Tuesday, December 2, 2008

In For Another Dollar

I’ve railed against Crazyhorse for their mystery contest judge and then castigated The New Yorker for not responding to unsolicited fiction/poetry submissions. Can it get worse?


Maybe I’m a dunce (always possible!) but I couldn’t find any fiction submission information whatsoever on the web sites of The Atlantic Monthly or McSweeney’s, two premier markets for writers. Yes, maybe I should have a copy of the publication in front of me and maybe that information is provided there, and maybe purchasers should be rewarded by getting this top-secret information.

But plenty of other journals are kind enough to offer submission guidelines to poor writers who simply want to know if a 6000-word story is too long or whether the journal is open for general submissions or are reading only for a theme issue.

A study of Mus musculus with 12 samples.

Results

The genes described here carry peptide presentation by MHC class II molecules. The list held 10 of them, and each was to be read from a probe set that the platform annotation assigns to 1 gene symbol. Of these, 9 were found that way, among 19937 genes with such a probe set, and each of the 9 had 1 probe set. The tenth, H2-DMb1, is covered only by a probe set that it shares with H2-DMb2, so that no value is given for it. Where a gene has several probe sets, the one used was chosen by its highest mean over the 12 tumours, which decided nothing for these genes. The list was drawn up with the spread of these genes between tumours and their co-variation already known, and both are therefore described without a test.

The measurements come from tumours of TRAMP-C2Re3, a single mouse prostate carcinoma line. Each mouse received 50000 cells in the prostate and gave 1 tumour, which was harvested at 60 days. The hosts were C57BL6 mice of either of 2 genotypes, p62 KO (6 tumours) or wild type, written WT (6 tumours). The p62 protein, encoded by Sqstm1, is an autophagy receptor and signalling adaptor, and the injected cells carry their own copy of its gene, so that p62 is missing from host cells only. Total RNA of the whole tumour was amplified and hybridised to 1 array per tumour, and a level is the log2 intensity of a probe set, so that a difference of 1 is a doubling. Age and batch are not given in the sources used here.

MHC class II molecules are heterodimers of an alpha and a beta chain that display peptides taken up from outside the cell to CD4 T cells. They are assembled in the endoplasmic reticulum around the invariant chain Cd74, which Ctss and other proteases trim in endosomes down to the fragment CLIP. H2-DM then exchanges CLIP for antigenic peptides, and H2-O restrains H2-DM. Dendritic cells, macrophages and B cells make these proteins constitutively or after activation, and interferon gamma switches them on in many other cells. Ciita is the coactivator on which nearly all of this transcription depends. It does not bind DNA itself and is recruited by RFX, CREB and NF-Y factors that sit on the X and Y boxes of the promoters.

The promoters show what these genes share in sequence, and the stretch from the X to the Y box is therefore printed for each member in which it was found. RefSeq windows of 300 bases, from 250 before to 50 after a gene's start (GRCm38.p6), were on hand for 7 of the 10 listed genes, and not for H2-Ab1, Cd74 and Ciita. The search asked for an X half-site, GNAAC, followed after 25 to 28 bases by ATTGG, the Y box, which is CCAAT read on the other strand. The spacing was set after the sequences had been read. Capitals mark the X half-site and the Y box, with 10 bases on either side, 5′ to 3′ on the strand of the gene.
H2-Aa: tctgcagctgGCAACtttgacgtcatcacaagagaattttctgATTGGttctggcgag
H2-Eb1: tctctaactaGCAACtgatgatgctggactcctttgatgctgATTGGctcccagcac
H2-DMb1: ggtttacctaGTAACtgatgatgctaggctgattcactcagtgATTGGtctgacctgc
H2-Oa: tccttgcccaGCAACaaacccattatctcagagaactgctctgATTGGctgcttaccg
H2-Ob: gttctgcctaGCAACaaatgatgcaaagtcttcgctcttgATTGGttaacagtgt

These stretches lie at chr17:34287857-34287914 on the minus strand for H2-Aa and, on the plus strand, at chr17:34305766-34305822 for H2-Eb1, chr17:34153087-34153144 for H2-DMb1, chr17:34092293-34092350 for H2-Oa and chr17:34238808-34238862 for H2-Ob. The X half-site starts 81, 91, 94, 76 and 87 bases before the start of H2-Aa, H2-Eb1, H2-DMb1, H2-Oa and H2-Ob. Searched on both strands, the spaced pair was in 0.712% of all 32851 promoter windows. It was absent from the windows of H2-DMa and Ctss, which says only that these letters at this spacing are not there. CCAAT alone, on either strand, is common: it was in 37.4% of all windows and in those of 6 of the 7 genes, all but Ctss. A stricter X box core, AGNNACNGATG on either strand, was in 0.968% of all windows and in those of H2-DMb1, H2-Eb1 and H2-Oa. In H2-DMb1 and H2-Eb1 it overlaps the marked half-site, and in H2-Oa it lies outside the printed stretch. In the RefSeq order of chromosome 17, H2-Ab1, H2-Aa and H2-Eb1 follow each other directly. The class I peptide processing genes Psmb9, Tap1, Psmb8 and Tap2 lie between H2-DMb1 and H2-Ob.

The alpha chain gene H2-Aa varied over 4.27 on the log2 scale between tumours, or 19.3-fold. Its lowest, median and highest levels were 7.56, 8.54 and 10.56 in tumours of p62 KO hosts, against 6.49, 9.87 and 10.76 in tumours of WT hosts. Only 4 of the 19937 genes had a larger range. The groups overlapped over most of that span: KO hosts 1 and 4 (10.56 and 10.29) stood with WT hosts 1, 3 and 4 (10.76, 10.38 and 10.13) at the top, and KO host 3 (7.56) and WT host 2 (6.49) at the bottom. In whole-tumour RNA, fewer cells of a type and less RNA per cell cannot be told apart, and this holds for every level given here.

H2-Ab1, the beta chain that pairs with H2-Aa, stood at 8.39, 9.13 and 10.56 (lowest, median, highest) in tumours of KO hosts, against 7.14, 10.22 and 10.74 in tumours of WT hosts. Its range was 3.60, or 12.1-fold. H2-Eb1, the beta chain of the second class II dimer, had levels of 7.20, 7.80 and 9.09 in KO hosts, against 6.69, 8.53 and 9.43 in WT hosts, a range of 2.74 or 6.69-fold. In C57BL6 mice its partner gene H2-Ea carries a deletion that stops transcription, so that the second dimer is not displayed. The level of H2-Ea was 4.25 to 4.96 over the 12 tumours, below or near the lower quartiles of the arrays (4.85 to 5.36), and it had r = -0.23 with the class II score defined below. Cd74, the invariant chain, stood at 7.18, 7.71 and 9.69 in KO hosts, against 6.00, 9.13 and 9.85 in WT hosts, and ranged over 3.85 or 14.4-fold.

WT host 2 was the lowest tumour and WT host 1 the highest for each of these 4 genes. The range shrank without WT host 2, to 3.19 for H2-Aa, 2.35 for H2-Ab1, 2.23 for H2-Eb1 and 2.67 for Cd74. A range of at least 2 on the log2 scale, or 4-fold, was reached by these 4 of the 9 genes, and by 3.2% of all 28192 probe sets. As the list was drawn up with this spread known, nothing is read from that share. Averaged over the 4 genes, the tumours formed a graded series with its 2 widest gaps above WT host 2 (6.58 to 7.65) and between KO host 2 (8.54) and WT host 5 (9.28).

Also, you know what’s a tad depressing? Submitting through those online systems and seeing your previous submissions pop up, with dates and titles and “status”: REJECTED. Like that doesn’t affect the person reading on the other end? Possibly I'm paranoid, but I can see the thought bubble: We’ve rejected her before, so why should this story be any better?

The submission process is NOT for the faint-hearted! One site that helps is Duotrope, a free, searchable database of journals and their up-to-date submission requirements. You can tailor your search by word length, genre, payment (haha), etc. Highly recommended!

P.S. Please feel free to prove me wrong and find the submissions info for The Atlantic or McSweeney's online. I'll publish it here as a public service for writers everywhere.


DC-area author Leslie Pietrzyk explores the creative process and all things literary.